U.S. house prices rose 1.1 percent in the second quarter of 2018 according to the Federal Housing Finance Agency (FHFA) House Price Index (HPI). House prices rose 6.5 percent from the second quarter of 2017 to the second quarter of 2018. FHFA’s seasonally adjusted monthly index for June was up 0.2 percent from May.
The HPI is calculated using home sales price information from mortgages sold to, or guaranteed by, Fannie Mae and Freddie Mac.
“Home prices rose in the second quarter but at a slower pace than we have seen for the past four years,” said Dr. William Doerner, Supervisory Economist. “Mortgage rates have increased by more than half a percentage point over the first six months of the year. Rates are still inexpensive from a historical standpoint, but their bump-up appears to have gently pressed the brakes on house price increases.”
See video of highlights for the second quarter featuring Dr. Doerner.
- Home prices rose in all 50 states and the District of Columbia between the second quarter of 2017 and the second quarter of 2018. The top five areas in annual appreciation were: 1) Nevada 17.0 percent; 2) Idaho 13.0 percent; 3) District of Columbia 11.8 percent; 4) Utah 11.3 percent; and 5) Washington 11.0 percent. The states showing the smallest annual appreciation were: 1) North Dakota 2.1 percent; 2) Louisiana 2.3 percent; 3) West Virginia 2.3 percent; 4) Connecticut 2.4 percent; and 5) Alaska 2.6 percent.
- Home prices rose in 99 of the 100 largest metropolitan areas in the U.S. over the last four quarters. Annual price increases were greatest in Las Vegas-Henderson-Paradise, NV, where prices increased by 18.8 percent. Prices were weakest in El Paso, TX, where they fell by 0.03 percent.
- Of the nine census divisions, the Mountain division experienced the strongest four-quarter appreciation, posting a 9.5 percent gain between the second quarters of 2017 and 2018 and a 1.9 percent increase in the second quarter of 2018. The Pacific division, which often records the strongest numbers in the country, only had a quarterly appreciation of 0.6 percent, its slowest quarterly increase since 2011. Annual house price appreciation was weakest in the West South Central division, where prices rose 5.0 percent between the second quarters of 2017 and 2018.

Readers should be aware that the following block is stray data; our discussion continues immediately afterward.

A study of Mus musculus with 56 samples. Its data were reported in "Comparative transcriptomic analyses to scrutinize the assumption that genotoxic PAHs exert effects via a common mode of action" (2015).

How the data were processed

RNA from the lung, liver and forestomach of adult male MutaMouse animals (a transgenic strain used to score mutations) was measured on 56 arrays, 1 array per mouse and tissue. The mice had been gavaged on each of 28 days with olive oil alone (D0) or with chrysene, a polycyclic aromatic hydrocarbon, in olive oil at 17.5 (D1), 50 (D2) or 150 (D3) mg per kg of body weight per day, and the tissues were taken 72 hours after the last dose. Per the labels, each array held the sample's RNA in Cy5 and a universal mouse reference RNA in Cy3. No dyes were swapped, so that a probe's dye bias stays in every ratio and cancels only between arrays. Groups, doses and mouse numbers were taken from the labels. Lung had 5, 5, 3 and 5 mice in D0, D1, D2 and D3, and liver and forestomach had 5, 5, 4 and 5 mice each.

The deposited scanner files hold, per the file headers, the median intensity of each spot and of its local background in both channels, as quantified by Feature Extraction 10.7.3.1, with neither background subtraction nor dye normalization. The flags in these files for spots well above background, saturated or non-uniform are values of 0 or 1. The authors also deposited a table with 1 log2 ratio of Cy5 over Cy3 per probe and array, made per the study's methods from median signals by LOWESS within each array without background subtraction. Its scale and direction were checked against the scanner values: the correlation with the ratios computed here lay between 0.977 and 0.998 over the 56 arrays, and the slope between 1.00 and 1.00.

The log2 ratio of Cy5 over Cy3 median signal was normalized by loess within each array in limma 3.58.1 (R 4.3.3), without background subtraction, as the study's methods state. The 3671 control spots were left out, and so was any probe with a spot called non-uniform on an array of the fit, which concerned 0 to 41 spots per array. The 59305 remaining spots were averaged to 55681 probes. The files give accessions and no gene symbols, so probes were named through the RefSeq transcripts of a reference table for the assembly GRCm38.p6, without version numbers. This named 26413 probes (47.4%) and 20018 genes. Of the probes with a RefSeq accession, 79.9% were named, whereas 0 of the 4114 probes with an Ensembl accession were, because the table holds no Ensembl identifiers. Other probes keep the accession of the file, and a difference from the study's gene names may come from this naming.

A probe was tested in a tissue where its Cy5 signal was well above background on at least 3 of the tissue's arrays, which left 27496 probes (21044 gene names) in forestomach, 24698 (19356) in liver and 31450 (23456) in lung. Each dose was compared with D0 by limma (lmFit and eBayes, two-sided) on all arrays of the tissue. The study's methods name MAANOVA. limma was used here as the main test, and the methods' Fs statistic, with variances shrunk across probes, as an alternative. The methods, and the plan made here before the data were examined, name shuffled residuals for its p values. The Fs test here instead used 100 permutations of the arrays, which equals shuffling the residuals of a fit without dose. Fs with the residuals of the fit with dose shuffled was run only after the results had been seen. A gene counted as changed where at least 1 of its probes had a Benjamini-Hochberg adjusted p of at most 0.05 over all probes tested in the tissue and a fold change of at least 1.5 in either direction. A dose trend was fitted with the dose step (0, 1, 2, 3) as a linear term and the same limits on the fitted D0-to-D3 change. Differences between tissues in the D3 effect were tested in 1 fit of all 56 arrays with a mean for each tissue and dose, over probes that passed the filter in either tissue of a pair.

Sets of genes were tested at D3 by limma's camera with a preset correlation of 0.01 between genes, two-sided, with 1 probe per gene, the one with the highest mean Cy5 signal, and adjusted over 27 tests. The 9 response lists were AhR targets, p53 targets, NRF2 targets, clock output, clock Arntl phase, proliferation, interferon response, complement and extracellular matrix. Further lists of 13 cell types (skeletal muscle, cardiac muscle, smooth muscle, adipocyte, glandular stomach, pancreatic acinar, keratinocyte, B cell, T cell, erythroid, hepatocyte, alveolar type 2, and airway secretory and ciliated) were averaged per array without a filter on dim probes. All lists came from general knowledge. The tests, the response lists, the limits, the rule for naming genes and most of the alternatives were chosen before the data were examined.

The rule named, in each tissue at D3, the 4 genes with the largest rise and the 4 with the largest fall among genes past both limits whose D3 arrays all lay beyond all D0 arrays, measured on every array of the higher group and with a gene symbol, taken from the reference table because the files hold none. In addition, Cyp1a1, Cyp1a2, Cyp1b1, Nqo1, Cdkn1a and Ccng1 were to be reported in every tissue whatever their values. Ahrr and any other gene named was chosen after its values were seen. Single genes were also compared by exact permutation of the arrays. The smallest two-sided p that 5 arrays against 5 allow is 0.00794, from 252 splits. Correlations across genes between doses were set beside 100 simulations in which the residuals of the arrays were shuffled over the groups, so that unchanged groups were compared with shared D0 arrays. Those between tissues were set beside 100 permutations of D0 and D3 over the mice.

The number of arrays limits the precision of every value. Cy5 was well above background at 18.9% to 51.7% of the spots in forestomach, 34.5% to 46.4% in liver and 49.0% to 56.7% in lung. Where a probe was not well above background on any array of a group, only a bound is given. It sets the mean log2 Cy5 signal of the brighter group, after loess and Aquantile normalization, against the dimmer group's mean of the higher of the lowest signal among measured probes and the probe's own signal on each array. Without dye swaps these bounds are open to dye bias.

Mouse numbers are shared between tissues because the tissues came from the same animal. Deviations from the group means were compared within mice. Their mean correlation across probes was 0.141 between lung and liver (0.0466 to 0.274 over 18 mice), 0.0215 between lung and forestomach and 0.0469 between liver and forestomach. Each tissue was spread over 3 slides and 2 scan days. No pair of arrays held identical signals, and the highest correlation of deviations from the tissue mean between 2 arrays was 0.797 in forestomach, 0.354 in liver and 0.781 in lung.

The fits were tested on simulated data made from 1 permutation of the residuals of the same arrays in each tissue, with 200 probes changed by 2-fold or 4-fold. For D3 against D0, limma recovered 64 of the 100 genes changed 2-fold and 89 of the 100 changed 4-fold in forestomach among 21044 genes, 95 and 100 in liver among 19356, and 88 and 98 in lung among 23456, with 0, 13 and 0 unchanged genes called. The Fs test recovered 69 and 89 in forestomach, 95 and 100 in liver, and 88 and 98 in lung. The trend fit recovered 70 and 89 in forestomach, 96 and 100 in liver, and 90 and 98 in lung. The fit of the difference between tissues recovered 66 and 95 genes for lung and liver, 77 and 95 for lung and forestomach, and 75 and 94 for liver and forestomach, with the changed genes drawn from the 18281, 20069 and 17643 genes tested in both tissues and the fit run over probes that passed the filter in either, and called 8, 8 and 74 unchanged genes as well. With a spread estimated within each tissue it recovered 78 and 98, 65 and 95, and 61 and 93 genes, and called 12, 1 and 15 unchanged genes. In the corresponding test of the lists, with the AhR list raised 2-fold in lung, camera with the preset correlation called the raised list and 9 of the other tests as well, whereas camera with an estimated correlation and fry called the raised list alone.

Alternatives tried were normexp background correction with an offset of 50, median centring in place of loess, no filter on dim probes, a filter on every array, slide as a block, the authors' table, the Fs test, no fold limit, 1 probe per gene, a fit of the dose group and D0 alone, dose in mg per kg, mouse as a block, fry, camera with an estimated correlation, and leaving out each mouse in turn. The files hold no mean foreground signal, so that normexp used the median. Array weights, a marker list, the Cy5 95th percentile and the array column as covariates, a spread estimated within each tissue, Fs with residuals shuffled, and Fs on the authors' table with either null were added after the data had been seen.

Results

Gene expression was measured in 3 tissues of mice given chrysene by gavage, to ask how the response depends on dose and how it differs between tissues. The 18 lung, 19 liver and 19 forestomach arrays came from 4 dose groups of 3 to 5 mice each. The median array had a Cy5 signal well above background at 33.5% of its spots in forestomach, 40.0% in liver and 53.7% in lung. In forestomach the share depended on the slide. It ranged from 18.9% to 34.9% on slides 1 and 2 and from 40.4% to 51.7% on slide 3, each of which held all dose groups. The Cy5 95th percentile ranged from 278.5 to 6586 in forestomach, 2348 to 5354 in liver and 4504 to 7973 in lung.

Tables and graphs showing home price statistics for metropolitan areas, states, census divisions, and the U.S. as a whole are included on the following pages.
Highlights Article: Price Indexes for Manufactured Homes
This quarter’s release includes a Highlights article that discusses a set of newly constructed house price indexes for manufactured homes. These indexes, which are experimental in nature, could provide useful information to market observers and policy makers engaged in analyzing affordable housing issues. Details about the new measures can be found on pages 23-27.
Other Price Indexes
Most statistics in the quarterly house price index report reference price changes computed by FHFA’s basic “purchase-only” HPI. In some cases, however, the reported statistics reference alternative price measures. FHFA publishes—and makes available for download—three additional house price indexes beyond the basic “purchase-only” series. Although they use the same general methodology, the three alternatives rely on slightly different datasets as follows:
- “Distress-Free” house price index. Sales of bank-owned properties and short sales are removed from the purchase-only dataset prior to estimation of the index.
- “Expanded-Data” house price index. Sales price information sourced from county recorder offices and from FHA-backed mortgages are added to the purchase-only data sample. This index is used annually to adjust the maximum conforming loan limits, which dictate the dollar amount of loans that can be acquired by Fannie Mae and Freddie Mac.
- “All-Transactions” house price index. Appraisal values from refinance mortgages are added to the purchase-only data sample.
Data constraints preclude the production of all types of indexes for every geographic area, but multiple index types are generally available. For individual states, for instance, three types of indexes are available. The various indexes tend to correlate closely over the long-term, but short-term differences can be significant.
FHFA’s HPI tracks changes in home values for individual properties owned or guaranteed by Fannie Mae or Freddie Mac over the past 43 years using more than eight million repeat transactions. The “repeat-transactions” methodology constructs index estimates by statistically evaluating price appreciation (or depreciation) for homes with multiple values over time. See this video explaining the basic methodology behind the FHFA HPI.
- The next monthly HPI report (including data through July 2018) will be released September 25, 2018 and the next quarterly HPI report (including data for the third quarter of 2018) will be released November 27, 2018.
- Future HPI release dates for 2018 and 2019 are available at https://www.fhfa.gov/hpi.
- Follow @FHFA on Twitter, LinkedIn and YouTube for more HPI news.